Editorial: Thanksgiving 2020: Alone again, unnaturally

A passenger wearing personal protective equipment walks in the Tom Bradley International Terminal at LAX on November 17.
A passenger wearing personal protective equipment walks in the Tom Bradley International terminal at LAX on November 17.
(Los Angeles Times)

We’ve made our preparations for Thanksgiving Day. Maybe the bird on the table will be a turkey breast, a duck, a small slab of vegan roast, or something as tiny as a Cornish game hen. We’ve reduced the number of potatoes, the volume of stuffing.

We’ve also canceled the plane reservations or the plans for a long drive to a friend’s house. If we live alone, chances are that we will still be alone on the one day of the year when we’d been pretty much guaranteed the warmth and comfort of companionship. If we’re lucky, we’ve formed a social bubble with a couple of pals and will make a feast with them.

There doesn’t seem much to be thankful for as we approach this holiday. COVID-19 infection rates are surging again, as is the death rate, and maybe it’s a good thing we don’t have guests for the long weekend because it could be hard to find enough toilet paper for all of them.


Many of the schools that were back in session are now closing again. Students are falling farther and farther behind where they would have been in a traditional school year. Stores, restaurants and salons and other services are still hurting; more businesses are threatened with permanent closure. Unlike when this whole thing started just before spring, the days now are growing colder, shorter, darker.

We’ve given up so much already. Sunrise Easter services and Passover Seders, typically large gatherings of family and community, were canceled or held in online meeting rooms. So were graduations, Fourth of July fireworks, summer vacations, back-to-school nights.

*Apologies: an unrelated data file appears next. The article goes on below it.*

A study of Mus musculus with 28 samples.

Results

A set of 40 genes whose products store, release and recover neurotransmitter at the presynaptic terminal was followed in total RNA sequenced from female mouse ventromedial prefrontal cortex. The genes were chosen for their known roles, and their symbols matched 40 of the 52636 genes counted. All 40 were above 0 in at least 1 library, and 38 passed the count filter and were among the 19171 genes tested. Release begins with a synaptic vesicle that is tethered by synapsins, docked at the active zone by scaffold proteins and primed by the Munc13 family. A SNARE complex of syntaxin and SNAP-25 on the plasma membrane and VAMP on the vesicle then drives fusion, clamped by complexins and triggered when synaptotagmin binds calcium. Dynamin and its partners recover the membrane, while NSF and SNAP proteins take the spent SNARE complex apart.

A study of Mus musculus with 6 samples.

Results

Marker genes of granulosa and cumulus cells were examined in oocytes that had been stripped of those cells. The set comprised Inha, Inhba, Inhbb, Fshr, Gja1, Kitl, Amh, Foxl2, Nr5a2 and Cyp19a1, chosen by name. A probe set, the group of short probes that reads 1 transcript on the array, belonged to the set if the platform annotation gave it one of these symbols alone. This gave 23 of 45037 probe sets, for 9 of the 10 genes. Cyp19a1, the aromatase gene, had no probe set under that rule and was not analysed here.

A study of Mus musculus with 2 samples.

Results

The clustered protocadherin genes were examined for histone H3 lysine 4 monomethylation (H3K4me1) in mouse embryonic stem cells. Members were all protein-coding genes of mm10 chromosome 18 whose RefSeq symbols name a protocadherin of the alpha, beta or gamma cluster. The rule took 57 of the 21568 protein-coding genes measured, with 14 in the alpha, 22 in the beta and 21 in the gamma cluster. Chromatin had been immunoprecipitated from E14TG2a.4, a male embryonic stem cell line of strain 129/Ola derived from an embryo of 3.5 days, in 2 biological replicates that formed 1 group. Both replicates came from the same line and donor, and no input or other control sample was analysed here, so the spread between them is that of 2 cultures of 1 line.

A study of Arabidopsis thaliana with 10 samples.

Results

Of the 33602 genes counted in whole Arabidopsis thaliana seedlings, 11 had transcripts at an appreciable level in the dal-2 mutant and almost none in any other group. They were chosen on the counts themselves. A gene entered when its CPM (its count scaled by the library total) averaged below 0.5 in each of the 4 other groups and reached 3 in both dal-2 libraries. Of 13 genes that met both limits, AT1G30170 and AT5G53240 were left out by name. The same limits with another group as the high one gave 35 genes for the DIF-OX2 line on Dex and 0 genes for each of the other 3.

And now we’re hit with what feels like the ultimate insult: rising disease rates after all the sacrifices made months ago to “flatten the curve,” just as America prepares for what used to be a day of large gatherings with those we love — and those with whom we argue politics. It’s one of the few times a year when people can fit into both categories at once.

Looking forward to the biggest travel day of the year, we’re told by the Centers for Disease Control and Prevention to stay home. On the busiest shopping day of the year, we won’t be able to crowd into stores for hours. If we’re smart, we’ll heed the warnings to not fly, not gather indoors with multiple households and not join large gatherings. We’ll keep our masks on except when eating, limit time spent together and confine our socializing to safe distances outdoors, which in Southern California might be a possibility.

Far worse, we don’t know when or how all this is going to end. The Pilgrims were celebrating survival at the first Thanksgiving. We’re wondering how many of us will survive and how long we’ll have to worry. For that matter, the pandemic has forced us to confront how many Americans live close to the edge of survival all the time, with food and housing insecurity, a tenuous hold on employment and poor health that goes untended.

But at the same time that we mourn what’s missing, we also can remember what the Pilgrims were ultimately celebrating. They were thankful for having the resilience — and the help of Native Americans — to make it through a challenging time of deprivation in a new land.

We are also in a new land, figuratively speaking, one of great uncertainty. And we too have people helping us through: dedicated medical researchers developing treatments and vaccines; doctors and nurses risking their lives to care for the sick; essential workers keeping us stocked with food, electricity and water.

Let’s show our gratitude for their aid. We can work toward our shared survival by producing the personal protective gear needed by front-line healthcare workers and other essential staff, supporting those in need, and keeping our social distances big, our complaining low and our masks on. That and not panic-buying toilet paper.

Tired as we all are of the new routines, we’re showing determination and a measure of creativity. Some people have been isolating for days already, maybe getting COVID-19 tests as well, willing to do whatever it takes to be able to greet people they care about on Thanksgiving Day and possibly even give them a hug. Others are planning video calls to take the edge off their loneliness, and yet others deliver food and comfort to those who need help with survival at the most elemental levels.

Alone and collectively, we will face the uncertainty. That resilience is our strength, for which we can give thanks.